Friday, October 16, 2009

Can We Maintain John Calvin's True Legacy?

There is a really good article in this month's New Horizons (denominational magazine for the OPC) about John Calvin. John Muether writes on "Calvin, American Calvinism, and the OPC." Muether talks about the recent popularity of Calvinism and the apparent resurgence of Calvinism among the "young, restless, and Reformed" crowd (see this previous post for more background). He asserts that even as B.B. Warfield, John Murray, and Cornelius Van Til taught in times past that Calvin would not have recognized many who have claimed to be his descendents, that once again, this would be the case for this new version of Calvinism as well.
So popular has New Calvinism become, especially among young adults, that its appeal threatens to dwarf the more publicized "emerging church" movement. As preferred as that outcome might be, zeal and enthusiasm do not a full-orbed Calvinist make. . . .'It's a new day in Calvinism . . . when Baptists and charismatics have become chief spokesmen.'
Muether proposes that "it seems that something less than [sic] a genuine rediscovery of the Reformed faith is happening in this quincentenary year." One cannot simply reduce or change a system of theology and maintain the integrity of the theology presumably being confessed. Muether writes:
Modifications of Calvinism are often promoted in the interest of semper reformanda (always reforming). To be sure, Calvin taught that the church must always be reformed according to the Word of God. But semper reformanda is no license for change for its own sake, much less a slogan for incessant innovation. Calvin himself on his deathbed warned his successor, Theodore Beza: "Beware of making changes and innovations, which were always dangerous and sometimes harmful."

We would do especially well to challenge popular claims, made in the supposed interest of semper reformanda, that submission to our primary standard (the Scriptures) must make us suspicious of our secondary standards (the Westminster Confession of Faith and Catechisms). "Reformed" is defined by the historic Reformed confessions and cannot be redefined by every generation. We must respect the historic exegesis of the church, adopting a robust and fruitful "hermeneutics of submission," not the trendy "hermeneutics of suspicion."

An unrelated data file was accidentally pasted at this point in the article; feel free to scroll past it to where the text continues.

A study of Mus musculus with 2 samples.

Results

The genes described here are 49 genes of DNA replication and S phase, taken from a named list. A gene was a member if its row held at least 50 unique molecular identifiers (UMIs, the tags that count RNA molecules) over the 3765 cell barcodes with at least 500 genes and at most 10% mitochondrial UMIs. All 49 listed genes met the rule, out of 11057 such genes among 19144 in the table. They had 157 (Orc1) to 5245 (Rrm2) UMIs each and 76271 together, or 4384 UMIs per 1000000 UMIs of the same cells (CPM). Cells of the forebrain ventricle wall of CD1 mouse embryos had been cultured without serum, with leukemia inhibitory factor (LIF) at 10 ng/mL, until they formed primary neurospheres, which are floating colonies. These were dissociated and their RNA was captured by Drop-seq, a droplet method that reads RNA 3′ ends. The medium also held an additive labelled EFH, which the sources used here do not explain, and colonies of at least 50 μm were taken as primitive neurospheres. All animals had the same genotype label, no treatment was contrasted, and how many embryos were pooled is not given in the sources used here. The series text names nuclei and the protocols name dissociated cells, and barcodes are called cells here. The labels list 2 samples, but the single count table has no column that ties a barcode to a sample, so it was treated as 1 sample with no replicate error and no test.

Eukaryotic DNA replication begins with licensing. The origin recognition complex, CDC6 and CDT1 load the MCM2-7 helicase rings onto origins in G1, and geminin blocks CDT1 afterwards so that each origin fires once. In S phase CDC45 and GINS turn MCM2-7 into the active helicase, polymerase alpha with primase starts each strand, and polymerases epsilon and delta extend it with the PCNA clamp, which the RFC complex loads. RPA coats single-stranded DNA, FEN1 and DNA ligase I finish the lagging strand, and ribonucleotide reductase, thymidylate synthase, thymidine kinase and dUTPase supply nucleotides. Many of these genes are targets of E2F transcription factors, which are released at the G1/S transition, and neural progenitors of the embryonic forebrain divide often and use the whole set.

Muether concludes with sage advice, "Calvin bequeathed to the church a gracious legacy that equips us to live faithfully in our own age. Orthodox Presbyterians who love the Reformed faith should accept no substitutes."

I would add that even though the context for Muether's article is the OPC, that the point is quite well made for a larger audience as well. Reformed theology is not a denominationally exclusive interpretation of scripture. Anyone belonging to any of the Reformed denominations in America (NAPARC--North American Presbyterian and Reformed Council) or across the world (ICRC--International Conference of Reformed Churches) should not accept any substitutes, no matter how seemingly popular and trendy. Let's not prove Mark Twain right when he sarcastically quipped, "Everybody's private motto: It's better to be popular than right."

Let's get Calvinism right since the ongoing spiritual health of the church is at stake. The historic tendency towards modification as well as the newest alteration calls the heirs of Calvin to be steadfast to "distinguish genuine Calvinism from its counterfeit forms," and to maintain Calvin's true legacy. It's not about trendiness, it's about faithfulness.